The ‘Entourage’ phenomenon

Silvino Edward Diaz

The favorite gang from HBO’s Sunday night lineup is back for its fifth season.

Only four episodes in, it’s already being hailed as one of the best.

The show’s Queens Quartet of Vince, E, Drama and Turtle illustrates, celebrates and satirizes the lifestyles of Hollywood’s elite.

It’s a comedy about living large, but it’s also, mostly, about friendship.

The guys pick up close to where they left off in Season 4 – in the brutal aftermath of “Medellin,” their bombed Pablo Escobar biopic. Here’s what you should expect this season:

Vince, returning home with Turtle from a “personal” retreat in Mexico, finds himself in “movie jail,” with no one who will hire him, and broke, again. Things are not as promising this time around.

Vince gets some shock treatment from Ari, his accountant Marvin and his publicist Shauna, who all agree that he should begin to put more effort into his image, as well as his financial affairs.

This season will prove to be Vince’s coming of age. Expect his work ethic to get stronger and romance to be in the works this season.

Eric continues his quest for self-assurance by scouting talents around the town and trying to become something more than “Vincent Chase’s unofficial manager.”

A fundamental theme in the series is the notion that Eric is largely responsible for the damage to Vince’s career.

Time and again, we’ve witnessed Eric make decisions that end up jeopardizing Vince and his A-list ascent.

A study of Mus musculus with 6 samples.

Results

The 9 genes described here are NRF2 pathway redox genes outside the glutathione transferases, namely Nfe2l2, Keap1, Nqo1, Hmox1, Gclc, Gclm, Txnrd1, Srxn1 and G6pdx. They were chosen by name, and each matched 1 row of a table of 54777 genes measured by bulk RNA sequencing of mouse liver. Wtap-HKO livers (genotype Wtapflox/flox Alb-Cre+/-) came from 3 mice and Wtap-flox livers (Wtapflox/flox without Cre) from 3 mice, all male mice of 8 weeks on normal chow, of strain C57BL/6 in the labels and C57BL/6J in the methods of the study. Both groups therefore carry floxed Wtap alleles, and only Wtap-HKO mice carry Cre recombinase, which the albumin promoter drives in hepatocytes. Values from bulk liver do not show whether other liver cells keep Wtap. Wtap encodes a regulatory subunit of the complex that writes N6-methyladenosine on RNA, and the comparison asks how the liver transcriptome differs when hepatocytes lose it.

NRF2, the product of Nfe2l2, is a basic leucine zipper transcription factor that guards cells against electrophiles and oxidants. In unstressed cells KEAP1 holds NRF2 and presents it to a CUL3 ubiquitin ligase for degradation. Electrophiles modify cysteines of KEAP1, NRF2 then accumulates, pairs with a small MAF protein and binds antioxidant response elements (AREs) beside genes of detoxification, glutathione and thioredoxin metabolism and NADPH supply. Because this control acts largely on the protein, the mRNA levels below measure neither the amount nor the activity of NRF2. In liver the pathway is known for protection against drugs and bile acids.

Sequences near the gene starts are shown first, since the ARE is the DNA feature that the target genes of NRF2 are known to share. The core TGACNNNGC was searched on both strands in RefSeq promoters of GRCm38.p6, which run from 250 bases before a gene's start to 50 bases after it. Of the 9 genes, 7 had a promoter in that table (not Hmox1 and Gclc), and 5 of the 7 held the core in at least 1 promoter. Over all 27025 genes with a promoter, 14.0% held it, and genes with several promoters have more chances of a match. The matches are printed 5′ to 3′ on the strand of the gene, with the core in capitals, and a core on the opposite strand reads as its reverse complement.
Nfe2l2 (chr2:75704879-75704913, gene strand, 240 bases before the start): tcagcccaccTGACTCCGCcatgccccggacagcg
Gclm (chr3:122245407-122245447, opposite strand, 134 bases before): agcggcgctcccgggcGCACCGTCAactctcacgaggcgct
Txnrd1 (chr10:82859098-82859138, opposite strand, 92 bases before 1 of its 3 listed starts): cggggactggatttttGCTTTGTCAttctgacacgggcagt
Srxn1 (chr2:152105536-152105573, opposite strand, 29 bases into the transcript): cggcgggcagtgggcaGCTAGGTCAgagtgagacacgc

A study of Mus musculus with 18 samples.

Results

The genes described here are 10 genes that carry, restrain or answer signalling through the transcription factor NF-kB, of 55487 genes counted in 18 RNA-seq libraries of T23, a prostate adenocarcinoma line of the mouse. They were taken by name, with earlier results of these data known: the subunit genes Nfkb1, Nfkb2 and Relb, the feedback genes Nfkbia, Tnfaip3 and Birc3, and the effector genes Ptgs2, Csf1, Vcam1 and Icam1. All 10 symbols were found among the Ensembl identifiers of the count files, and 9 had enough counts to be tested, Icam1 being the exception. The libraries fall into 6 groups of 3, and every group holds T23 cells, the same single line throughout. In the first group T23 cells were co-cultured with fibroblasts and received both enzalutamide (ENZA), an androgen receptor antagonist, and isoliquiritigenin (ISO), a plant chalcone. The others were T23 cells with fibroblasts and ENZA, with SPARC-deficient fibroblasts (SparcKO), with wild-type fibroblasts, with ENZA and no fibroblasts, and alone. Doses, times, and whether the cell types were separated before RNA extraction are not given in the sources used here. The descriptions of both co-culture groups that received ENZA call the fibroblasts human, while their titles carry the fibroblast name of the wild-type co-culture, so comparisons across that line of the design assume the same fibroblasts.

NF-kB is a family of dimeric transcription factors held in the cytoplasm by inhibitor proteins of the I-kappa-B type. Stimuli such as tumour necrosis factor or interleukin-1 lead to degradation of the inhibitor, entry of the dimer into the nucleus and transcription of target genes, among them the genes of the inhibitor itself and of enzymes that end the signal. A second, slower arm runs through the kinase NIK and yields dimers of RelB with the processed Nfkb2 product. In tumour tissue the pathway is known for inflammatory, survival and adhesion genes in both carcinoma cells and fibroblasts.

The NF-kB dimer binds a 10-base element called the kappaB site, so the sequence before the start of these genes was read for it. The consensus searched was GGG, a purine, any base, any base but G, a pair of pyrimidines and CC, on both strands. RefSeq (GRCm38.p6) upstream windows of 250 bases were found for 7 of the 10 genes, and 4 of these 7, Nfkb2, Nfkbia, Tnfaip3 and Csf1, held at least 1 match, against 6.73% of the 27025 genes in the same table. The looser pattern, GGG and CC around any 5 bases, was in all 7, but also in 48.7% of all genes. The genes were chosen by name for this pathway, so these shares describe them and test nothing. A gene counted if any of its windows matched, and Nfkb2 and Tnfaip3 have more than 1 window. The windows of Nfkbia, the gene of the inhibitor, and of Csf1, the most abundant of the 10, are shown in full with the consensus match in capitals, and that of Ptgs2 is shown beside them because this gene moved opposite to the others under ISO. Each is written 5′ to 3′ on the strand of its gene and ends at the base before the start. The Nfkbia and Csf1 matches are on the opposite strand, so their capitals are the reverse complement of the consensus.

So this season, E will have a lot to prove. But he’s making progress with the script he found, “Nine Brave Souls,” which might hold the key to Eric’s, as well as Vince’s, redemption. E will begin to look and act more like a “suit” this season.

Johnny Drama starts the season paired with Jacqueline, his Cannes love, but as expected, he ends up creeping her out in two episodes.

Drama is the most peculiar character in the series by far, and that will be made clear this season. He’s always agonizing about something, be it his health, his image or his career.

The success of his show “Five Towns” will continue to grow this season, but you can expect the same self-absorbed, somewhat pathetic antics of Johnny Drama.

Vince’s so-called assistant Turtle is more desperate than ever when it comes to his love life, which makes him all the more exciting to watch.

Out of all the performances this season, Jeremy Piven’s portrayal of Ari is unquestionably the most improved.

There is more energy and passion in his rendition of Hollywood’s most animated superagent.

Piven one ups himself from his previous award-winning performances and brings to life one of the juiciest, most electric personas on the small screen today.

This season, he’s driving a Ferrari, tormenting rival Adam Davies and putting Eric in his place.

You can expect a hungrier, slicker Ari, as well as more brilliantly crafted comedic quips for Lloyd, Eric and others who antagonize him.

Another thing to consider is the show’s directing. This season, the show’s directors have expanded the boundaries of their scene photography and design. You’ll find the cameras in motion more often, enhancing the view of settings as well as the appreciation of plot development.

However, the show’s creators have found a winning match with their single-camera setup, which preserves the dialogue’s stage-like chemistry.

In retrospect, whether intentionally or not, “Entourage” has become the male equivalent of “Sex and the City.”

Just as the Carrie Bradshaw’s lifestyle of storming New York City sipping cosmopolitans and setting fashion trends became a national symbol for female empowerment and enjoyment, so has the Vince Chase model resonated with America’s men.

Everyone wants to live like Vince Chase – that’s why “Entourage” is so exciting.